We run for all sorts of reasons -- to lose 10 pounds, to win an Olympic medal, or simply because it’s fun. Some even run as a spiritual practice. Today, why we run - and how far and how fast can humans go?
If you’re watching the Olympics, you have to marvel at the almost superhuman athleticism of it all. Simone Biles on the balance beam. Michael Phelps in the water. Usain Bolt on the track. Athletes just keep getting better and better. Or do they? Mark McClusky, the author of “Faster, Higher, Stronger,” tells Anne Strainchamps that it's not really the athletes who've gotten better. It's science and technology that have made the difference.
There's a nagging question at major sporting events: Are the athletes cheating? Steroids, human growth hormones and blood doping techniques are extending the outer limits of performance, and athletes can use them if they want -- unless they're professionals or Olympic athletes. But is doping really a problem? Australian philosopher and bioethicist Julian Savulescu has a simple litmus test: What contribution is coming from the technology and what is coming from the athlete?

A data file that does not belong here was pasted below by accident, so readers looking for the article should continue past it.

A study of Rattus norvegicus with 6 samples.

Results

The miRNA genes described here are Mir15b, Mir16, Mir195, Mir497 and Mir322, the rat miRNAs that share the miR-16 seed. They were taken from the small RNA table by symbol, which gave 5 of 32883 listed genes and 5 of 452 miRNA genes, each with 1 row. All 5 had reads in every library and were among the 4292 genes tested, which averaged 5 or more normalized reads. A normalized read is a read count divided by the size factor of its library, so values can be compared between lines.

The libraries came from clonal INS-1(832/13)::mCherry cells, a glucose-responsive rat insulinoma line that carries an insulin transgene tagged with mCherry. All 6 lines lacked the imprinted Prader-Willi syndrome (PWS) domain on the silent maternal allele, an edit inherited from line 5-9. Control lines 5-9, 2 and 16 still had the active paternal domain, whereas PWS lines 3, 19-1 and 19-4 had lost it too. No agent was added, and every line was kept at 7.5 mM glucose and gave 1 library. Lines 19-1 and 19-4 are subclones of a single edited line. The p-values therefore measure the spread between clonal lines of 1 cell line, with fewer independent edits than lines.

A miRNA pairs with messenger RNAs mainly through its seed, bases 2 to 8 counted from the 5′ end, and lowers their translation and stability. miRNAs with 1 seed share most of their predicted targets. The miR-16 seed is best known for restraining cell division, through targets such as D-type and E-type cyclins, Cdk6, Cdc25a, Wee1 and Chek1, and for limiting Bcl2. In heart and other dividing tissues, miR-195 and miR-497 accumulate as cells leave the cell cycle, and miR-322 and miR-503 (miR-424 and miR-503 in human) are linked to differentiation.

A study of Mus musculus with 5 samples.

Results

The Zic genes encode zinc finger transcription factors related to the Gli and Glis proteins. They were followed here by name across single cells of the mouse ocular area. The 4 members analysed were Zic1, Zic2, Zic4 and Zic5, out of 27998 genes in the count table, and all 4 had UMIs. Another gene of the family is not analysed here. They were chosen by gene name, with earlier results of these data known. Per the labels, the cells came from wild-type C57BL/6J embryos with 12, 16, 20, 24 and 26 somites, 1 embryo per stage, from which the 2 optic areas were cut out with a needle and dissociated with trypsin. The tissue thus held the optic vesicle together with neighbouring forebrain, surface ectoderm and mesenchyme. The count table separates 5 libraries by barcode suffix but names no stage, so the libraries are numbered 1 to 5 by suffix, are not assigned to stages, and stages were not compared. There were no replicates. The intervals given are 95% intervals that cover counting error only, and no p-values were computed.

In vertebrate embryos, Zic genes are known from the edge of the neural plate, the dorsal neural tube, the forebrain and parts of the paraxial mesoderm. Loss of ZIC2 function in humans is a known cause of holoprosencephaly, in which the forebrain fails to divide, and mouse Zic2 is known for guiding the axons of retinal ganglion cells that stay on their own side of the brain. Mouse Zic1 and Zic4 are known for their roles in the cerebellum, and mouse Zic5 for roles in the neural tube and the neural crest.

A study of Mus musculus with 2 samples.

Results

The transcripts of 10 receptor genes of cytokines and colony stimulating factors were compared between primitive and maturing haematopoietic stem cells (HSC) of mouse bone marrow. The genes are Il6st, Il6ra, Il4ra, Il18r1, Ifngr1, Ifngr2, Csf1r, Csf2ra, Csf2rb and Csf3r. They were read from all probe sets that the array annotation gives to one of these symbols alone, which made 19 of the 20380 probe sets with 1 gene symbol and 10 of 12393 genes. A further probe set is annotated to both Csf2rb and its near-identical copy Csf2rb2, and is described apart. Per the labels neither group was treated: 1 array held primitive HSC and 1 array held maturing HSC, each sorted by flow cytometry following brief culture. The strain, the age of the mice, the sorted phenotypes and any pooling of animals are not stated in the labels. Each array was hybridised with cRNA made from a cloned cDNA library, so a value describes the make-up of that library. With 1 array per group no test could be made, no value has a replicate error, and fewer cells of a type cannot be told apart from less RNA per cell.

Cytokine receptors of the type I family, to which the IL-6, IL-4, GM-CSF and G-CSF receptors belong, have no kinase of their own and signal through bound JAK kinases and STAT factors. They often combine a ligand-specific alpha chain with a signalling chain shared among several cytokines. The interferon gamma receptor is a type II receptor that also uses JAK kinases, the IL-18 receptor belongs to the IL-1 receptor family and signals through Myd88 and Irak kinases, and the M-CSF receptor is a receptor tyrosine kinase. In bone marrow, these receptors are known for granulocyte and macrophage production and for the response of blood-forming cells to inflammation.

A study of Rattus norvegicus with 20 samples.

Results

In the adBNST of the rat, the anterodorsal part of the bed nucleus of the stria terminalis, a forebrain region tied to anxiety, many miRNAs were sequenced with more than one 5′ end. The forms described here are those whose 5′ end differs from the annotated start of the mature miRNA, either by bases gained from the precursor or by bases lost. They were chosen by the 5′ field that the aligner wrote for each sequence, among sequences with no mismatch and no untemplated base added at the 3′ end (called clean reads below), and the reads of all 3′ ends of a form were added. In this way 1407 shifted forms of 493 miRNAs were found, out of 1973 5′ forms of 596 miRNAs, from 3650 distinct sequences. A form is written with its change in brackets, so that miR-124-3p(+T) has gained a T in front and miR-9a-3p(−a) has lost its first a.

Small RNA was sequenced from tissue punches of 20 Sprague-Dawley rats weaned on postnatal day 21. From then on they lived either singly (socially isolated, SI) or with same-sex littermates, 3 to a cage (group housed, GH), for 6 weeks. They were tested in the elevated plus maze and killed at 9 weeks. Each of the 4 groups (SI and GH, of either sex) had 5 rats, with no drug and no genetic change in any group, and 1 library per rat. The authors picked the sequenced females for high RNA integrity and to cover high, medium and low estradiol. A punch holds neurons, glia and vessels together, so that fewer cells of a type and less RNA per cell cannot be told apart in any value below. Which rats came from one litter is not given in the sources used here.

The '68 Olympic games changed everything for John Carlos. Standing on the podium after winning the bronze in the 200 meters, he and fellow runner Tommie Smith raised their fists in the black power salute in a moment that became known as one of the most controversial and iconic in Olympics history. Carlos remembers that moment and the fallout as well. He tells Steve Paulson he was inspired by a meeting with Martin Luther King, Jr.
Suprabha Beckjord runs as a spiritual practice. She's a follower of Sri Chinmoy, who believed athletics could enhance spiritual enlightenment. So he set up various weightlifting, swimming, and distance running events. His most famous - and most grueling - is the annual Sri Chinmoy Self-Transcendence 3100 Mile Race. The race, which exceeds the distance from Boston to Los Angeles, takes place around a half- mile loop in Queens, New York. Suprabha Beckjord ran those 3100 miles for 13 years in a row. Her fastest race was 49 days and 14 hours, an average or more than 63 miles a day. Rehman Tungekar talks with her.
J.R. Thornton was once a serious tennis player on the junior circuit. Then he moved to China and spent a year training with the Beijing National Team, where he discovered just how different the life of an aspiring champion could be. His novel "Beautiful Country" reveals the incredibly difficult demands on young athletes in China.